When we talk about backstory it can be easy to assume that it is explicit along the lines of ‘When I were a lad…’ (a little colloquialism for you). However, backstory can implied through what a character says, how they say it, and what they don’t say. The final one might sound odd in an article about dialogue but there’s things people don’t talk about, verbal sleight of hand to avoid things and questions that are asked but never answered. A common problem in writing dialogue is that writers forget that the unsaid can be as, or sometimes more, powerful than the said.
Imagine a couple who sit at a table together and never speak a word to each other. They have said nothing but they have told us everything about the unhappiness of their relationship in that moment. I say ‘in that moment’ because they might not be speaking because they’ve had an argument rather than because they’re permanently unhappy. This can be the strength, and sometimes the downfall, of implication, we want to know the answer so we read on hoping to find it but if not enough questions are answered it can be disappointing.
It isn’t only through not speaking that we can imply the backstory of a character but also through what people say and how they say it. Once again we can come to dialect, a character may portray themselves one way and then, occasionally, they may drop in some slang or phrasing that doesn’t match the background they’re portraying. This trick often appears in crime fiction where one of the suspect’s background unravels based on misspeaking, Agatha Christie used the technique more than once.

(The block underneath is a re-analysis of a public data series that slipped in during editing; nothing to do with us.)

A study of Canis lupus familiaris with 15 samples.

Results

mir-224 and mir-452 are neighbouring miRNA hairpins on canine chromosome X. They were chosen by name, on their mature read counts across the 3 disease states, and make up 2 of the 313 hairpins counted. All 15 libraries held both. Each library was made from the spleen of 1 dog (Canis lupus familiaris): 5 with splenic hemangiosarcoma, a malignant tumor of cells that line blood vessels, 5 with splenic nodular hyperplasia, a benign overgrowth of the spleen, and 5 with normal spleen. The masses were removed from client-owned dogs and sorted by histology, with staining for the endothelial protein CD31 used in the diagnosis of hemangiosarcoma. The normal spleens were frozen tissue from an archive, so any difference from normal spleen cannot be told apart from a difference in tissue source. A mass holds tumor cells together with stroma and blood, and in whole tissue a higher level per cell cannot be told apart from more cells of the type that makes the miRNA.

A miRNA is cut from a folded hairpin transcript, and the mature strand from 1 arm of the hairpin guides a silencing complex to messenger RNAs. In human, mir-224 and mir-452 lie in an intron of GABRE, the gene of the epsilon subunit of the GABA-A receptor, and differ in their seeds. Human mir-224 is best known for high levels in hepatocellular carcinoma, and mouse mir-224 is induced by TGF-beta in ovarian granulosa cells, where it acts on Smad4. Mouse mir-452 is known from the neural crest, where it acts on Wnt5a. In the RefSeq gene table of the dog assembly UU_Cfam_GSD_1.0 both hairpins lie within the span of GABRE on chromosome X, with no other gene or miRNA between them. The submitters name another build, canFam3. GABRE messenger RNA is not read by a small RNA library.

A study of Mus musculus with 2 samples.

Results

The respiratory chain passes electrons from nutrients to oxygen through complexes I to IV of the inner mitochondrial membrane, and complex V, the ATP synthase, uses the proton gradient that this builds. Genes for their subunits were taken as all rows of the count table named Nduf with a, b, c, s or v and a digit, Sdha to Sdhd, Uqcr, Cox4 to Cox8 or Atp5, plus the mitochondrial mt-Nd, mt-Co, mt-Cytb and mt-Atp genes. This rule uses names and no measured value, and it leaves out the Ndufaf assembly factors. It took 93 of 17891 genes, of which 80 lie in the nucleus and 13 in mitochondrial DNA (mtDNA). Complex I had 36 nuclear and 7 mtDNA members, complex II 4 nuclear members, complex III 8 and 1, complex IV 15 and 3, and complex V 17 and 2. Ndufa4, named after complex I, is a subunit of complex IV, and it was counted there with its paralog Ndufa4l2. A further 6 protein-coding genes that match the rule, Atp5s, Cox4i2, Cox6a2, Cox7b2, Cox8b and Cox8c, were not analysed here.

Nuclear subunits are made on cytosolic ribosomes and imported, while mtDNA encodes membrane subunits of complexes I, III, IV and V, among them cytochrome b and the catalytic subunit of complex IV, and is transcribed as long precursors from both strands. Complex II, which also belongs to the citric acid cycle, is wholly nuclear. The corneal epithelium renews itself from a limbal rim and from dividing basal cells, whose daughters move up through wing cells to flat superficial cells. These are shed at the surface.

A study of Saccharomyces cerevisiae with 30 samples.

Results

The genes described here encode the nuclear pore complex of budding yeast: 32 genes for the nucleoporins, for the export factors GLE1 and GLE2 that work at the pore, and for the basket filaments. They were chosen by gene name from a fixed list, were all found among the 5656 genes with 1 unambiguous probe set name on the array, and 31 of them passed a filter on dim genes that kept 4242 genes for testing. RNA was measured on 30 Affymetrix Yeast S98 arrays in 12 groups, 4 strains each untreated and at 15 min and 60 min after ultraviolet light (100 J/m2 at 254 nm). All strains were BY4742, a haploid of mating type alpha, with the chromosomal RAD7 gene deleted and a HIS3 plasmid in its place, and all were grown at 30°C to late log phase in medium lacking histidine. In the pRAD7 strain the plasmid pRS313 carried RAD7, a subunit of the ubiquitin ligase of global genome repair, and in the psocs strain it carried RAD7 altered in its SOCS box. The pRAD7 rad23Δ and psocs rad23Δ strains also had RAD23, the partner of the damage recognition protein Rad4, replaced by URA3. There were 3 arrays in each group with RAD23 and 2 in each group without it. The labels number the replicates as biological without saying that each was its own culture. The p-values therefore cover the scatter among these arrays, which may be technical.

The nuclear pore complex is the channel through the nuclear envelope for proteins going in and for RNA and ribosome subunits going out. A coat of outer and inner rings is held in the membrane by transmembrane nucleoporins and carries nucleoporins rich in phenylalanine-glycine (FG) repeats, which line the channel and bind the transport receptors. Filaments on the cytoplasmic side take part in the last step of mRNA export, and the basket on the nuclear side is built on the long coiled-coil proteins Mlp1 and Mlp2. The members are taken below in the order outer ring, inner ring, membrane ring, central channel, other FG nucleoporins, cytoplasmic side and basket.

There’s also the suggestion behind what they say; the obvious example would be the double-entendre, the seemingly innocuous phrase that has sexual implications, but this can be applied in other ways. Carefully worded phrase could be taken at face value or can imply a history. I’ll use a quote from one of my stories so it’s easy to find in situ, so if we consider Left in The Library from Victorian Mistress where Charlotte says:
‘Take it as a compliment. I’m so relaxed around you I don’t feel the need to swing round and punch you in the face. Or kick you in the balls, quite effective as I recall.’
The latter part of the quote conspicuously refers to some past incident while in the first part Charlotte could be making a joke or she could be referring to something in her past. (Regular readers might guess at what but I won’t spoil it for anyone who hasn’t read it yet.) Charlotte hasn’t said ‘I might’ve punched you in the face because…’ but a reader could infer a because. As it’s an implication a reader might not assume what I was thinking of when I wrote it but it doesn’t matter, they can get involved in the story by filling in the spaces and building up their own idea of Charlotte’s past.
In this way stories can be interactive experiences; maybe they’ll be disappointed with what I reveal, maybe they’ll think it’s better, maybe they’ll stick with the own version over what I reveal. Alternatively, I could imply more and allow the reader to make up their own backstory for Charlotte, which may differ from mine. Revealing or continuing to imply are both valid methods, it entirely depends upon the story you want to write.
Balancing implied and explicit backstory in dialogue, and narrative in general, can help prevent over-telling. By the time the reader reads our finished story it may be full of subtle references that we added during numerous edits so it’s unlikely a reader will pick them all up in one read through. Or they may see things in a story we didn’t intend or realise we’d written or interpret those we did differently. The art of implication can be a tricky thing to master but it can also help prevent explicitly putting too much backstory in a story.
If you fancy testing your skills try assembling Charlotte’s backstory from what she says, and doesn’t say.